The American Conservative Union (ACU), which runs the annual Conservative Political Action Conference (CPAC), announced on Monday that Sarah Palin will speak at the 40th annual gathering of conservatives in March.
“We are pleased to again welcome Governor Sarah Palin to CPAC in March,” ACU Chairman Al Cardenas said in a statement. “Governor Palin electrified the crowd in 2012 and we are thrilled to welcome her back this year.”
CPAC 2013 will be held Thursday, March 14 through Saturday, March 16, 2013 at its new location in National Harbor, MD at the Gaylord National Resort and Convention Center.
The non-Washington, D.C. location of this year’s conference is fitting for Palin, who blistered the permanent political class and crony capitalism during her 2012 address last year in the nation’s capital in her first appearance at the conference.
Last year, she was mobbed in the hallways before her speech. Palin stayed for nearly an hour after speaking, engaging conservatives and supporters who were there to listen to her. Reporters and observers at CPAC noted in 2012 they had not seen anyone who resonated with the conservative base more than Palin.
At CPAC 2012, Palin said Washington, D.C. had become “something that our forefathers never envisioned, and they would have sworn their lives, their fortunes, their sacred honor to change.”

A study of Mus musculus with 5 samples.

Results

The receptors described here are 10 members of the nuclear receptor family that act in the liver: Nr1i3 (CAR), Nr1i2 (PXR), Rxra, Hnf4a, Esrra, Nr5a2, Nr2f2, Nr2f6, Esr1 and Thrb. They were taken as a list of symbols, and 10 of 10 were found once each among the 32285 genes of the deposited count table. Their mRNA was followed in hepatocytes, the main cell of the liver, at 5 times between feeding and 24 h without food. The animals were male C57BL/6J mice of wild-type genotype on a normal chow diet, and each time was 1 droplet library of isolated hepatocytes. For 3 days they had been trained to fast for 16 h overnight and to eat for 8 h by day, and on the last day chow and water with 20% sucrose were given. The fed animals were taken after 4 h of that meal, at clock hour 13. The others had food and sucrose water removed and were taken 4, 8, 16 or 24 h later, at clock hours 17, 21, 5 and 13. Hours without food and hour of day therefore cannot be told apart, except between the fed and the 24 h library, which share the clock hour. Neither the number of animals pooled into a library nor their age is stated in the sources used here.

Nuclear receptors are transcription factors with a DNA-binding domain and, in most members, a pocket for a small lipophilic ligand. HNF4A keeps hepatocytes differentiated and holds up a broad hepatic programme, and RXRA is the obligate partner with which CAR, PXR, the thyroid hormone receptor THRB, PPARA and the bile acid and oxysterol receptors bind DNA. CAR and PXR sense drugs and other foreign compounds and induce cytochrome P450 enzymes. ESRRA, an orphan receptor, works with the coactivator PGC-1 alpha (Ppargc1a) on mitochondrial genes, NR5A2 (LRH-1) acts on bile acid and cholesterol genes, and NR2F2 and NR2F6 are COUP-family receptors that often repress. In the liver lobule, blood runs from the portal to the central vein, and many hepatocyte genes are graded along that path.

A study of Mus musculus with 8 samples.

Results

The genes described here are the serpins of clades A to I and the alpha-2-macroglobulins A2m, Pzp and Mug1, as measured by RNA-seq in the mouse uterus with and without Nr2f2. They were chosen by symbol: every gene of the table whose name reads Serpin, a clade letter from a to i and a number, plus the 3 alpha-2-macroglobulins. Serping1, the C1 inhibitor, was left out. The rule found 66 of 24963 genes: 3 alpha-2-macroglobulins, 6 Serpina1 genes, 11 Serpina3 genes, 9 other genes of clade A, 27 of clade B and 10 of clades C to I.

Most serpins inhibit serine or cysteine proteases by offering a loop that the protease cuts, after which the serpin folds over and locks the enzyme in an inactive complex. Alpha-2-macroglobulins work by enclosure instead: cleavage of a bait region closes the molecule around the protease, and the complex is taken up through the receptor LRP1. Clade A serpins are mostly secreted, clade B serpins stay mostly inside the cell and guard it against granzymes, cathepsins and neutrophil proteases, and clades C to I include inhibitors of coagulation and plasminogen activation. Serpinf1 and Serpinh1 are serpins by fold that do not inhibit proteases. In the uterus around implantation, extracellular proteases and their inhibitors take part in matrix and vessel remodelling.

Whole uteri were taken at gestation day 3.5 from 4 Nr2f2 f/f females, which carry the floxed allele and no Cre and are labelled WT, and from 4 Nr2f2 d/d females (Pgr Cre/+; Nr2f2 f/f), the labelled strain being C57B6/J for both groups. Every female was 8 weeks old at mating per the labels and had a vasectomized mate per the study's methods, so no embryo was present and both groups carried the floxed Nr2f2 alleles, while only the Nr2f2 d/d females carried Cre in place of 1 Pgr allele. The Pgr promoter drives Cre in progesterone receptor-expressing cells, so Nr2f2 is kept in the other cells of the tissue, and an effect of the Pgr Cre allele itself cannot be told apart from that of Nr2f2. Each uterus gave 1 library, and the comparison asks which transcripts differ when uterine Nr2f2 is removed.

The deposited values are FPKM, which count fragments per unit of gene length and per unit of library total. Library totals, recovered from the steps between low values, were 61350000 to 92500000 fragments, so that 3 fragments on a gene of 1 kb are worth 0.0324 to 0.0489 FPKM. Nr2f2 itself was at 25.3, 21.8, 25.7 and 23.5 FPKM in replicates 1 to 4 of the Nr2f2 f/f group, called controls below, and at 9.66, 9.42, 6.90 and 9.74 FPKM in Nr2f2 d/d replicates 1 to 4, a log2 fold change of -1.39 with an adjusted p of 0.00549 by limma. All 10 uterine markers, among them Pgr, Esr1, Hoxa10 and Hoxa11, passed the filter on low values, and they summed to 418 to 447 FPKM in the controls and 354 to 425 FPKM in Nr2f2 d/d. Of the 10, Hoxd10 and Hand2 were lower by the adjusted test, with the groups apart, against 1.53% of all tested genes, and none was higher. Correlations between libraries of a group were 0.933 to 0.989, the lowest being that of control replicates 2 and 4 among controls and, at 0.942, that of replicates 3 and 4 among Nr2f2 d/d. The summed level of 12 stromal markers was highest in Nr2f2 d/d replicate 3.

Palin said the “old Washington of our Founders” was a place where people “came to serve your government, not prosper over it and on it and from it and off of it.” She mentioned the country’s wealthiest counties were all around the D.C. region, a theme director Stephen K. Bannon and Peter Schweizer’s Government Accountability Institute would later document a year later in “Boomtown.”
She referenced her speech in Indianola, Iowa in 2011 when she spoke of “crony capitalism” that “isn’t the capitalism of free men and free markets, of risk and sacrifice, of innovation and hard work.” She said the new crony capitalism is one of “connections” and of “government bailout and handouts” and waste, “corporate welfare and corruption.”
After her Indianola speech, “crony capitalism” and “permanent political class” were injected into the political vocabulary.
“This is the capitalism of Barack Obama and the permanent political class,” Palin said at CPAC in 2012.
She lambasted the Occupy protesters who were at the conference in 2012, saying they should be instead protesting at Obama’s White House, which has “spurred the expansion of government which diminishes freedom and opportunity for all to rise and to succeed.”
Palin derided politicians who come to Washington, D.C. “denouncing the place as the cesspool of corruption” only to, after a year or two, see it as a hot tub.
“And they are hopping in and enjoying the jacuzzi,” Palin said, noting it was “time we drain the jacuzzi and throw the bums out with the bath water.”
After Palin turned down Fox News’ offer to renew her contract, she spoke exclusively to Breitbart News about her future. When asked what her response was to the mainstream media’s declarations that she and the Tea Party were “buried,” Palin said she was raised “to never retreat and to pick battles wisely, and all in due season.”
“When it comes to defending our republic, we haven’t begun to fight! But we delight in those who underestimate us,” Palin told Breitbart News last month.